The alcohol industry has joined the pharmaceutical trade in the fight against legal cannabis in the U.S. amid fears of losing significant market share.

Zappiste: Same old prohibitionist story ! Just missing the oil companies...

Alcohol industry bankrolls fight against legal cannabis
15th September, 2016 by Steven Green

The alcohol industry has joined the pharmaceutical trade in the fight against legal cannabis in the U.S. amid fears of losing significant market share.

Last week it came to light that a synthetic cannabis company helped finance the opposition to legal cannabis in the state of Arizona, and now, according to The Intercept, a beer industry group made one of the largest donations to an organisation set up to take on legalisation in Massachusetts.

The Beer Distributors PAC is an affiliate that represents 16 beer-distribution companies in the northeast and the report claims that they gave $25,000 to the Campaign for a Safe and Healthy Massachusetts, making them the joint third largest financial contributors to the anti-pot organisation.

Arizona is currently one of the five states with marijuana legalisation ballot measures in November, but have already seen the Arizona Wine and Spirits Wholesale Association donate $10,000 to a group opposing legalisation. Furthermore, in 2010 when California considered legalising cannabis, another alcoholic beverage company gave their financial backing to a law enforcement centred campaign to combat legalisation.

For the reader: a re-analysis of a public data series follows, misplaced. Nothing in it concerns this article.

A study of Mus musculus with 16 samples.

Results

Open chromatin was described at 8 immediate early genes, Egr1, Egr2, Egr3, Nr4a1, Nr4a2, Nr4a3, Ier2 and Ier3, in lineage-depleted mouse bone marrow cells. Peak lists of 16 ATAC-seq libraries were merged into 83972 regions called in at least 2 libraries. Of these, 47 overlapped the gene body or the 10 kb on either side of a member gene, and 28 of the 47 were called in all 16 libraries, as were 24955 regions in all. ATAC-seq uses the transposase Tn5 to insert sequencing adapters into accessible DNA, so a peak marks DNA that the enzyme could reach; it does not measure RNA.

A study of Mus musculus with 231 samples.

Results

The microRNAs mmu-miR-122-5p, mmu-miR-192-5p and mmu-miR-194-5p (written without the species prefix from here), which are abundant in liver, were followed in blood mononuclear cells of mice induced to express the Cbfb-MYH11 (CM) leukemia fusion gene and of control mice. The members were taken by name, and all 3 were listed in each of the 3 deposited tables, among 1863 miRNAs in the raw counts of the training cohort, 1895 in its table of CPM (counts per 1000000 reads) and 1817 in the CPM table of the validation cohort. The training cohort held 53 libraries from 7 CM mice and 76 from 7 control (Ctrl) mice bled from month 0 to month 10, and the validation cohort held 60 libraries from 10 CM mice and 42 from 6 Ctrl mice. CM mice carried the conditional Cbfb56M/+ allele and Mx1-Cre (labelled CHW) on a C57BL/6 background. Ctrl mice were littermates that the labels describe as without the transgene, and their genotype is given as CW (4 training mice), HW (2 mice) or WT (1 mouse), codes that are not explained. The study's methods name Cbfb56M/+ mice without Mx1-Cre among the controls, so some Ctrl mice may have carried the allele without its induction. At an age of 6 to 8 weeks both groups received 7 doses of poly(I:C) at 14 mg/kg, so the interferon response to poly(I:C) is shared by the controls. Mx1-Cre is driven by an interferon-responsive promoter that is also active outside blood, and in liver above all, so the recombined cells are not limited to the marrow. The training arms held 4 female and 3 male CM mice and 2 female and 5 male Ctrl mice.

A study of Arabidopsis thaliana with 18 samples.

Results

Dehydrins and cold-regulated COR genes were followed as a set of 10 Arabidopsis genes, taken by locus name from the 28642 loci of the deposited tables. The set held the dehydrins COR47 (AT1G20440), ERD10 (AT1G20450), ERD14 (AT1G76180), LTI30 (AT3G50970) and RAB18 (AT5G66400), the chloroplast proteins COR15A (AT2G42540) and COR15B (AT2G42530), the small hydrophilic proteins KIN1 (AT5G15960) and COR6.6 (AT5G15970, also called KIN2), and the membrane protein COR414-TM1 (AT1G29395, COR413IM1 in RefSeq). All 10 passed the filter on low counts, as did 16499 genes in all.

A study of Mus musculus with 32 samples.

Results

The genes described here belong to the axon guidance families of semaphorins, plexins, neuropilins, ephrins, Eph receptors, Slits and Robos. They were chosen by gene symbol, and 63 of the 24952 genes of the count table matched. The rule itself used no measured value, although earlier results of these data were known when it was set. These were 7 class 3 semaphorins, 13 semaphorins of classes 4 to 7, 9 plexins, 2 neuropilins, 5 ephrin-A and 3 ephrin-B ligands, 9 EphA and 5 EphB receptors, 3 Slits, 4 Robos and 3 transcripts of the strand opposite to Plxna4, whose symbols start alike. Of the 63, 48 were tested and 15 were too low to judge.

The alcohol industry is a long way from unification on policy over cannabis legalisation with a number of craft breweries welcoming relaxed laws over the drug

Alcohol companies are most concerned that pot could pose a threat to their bottom line and force them to change their sales approach drastically.


According to a study that looked at 17 states with medical cannabis laws in place, researchers “found that the use of prescription drugs for which marijuana could serve as a clinical alternative fell significantly, once a medical marijuana law was implemented.”

Prescriptions fell dramatically for opioid painkillers, with 1,826 fewer doses being prescribed per year by the typical physician in a medical cannabis state. Amazingly, the trend also applied to prescriptions for depression, seizure, nausea and anxiety.

Nearly 2 million Americans today are addicted to prescription opioid painkillers; more than 14,000 died from prescription opioid overdoses in 2014.

Meanwhile one US company has just donated $500,000 to a campaign opposing marijuana legalization in the US state of Arizona (The vote is in November).
They have stated in a disclosure statement regarding their application to the securities commission on their artificial THC product.
"If marijuana or non-synthetic cannabinoids were legalized in the United States, the market for dronabinol product sales would likely be significantly reduced and our ability to generate revenue and our business prospects would be materially adversely affected."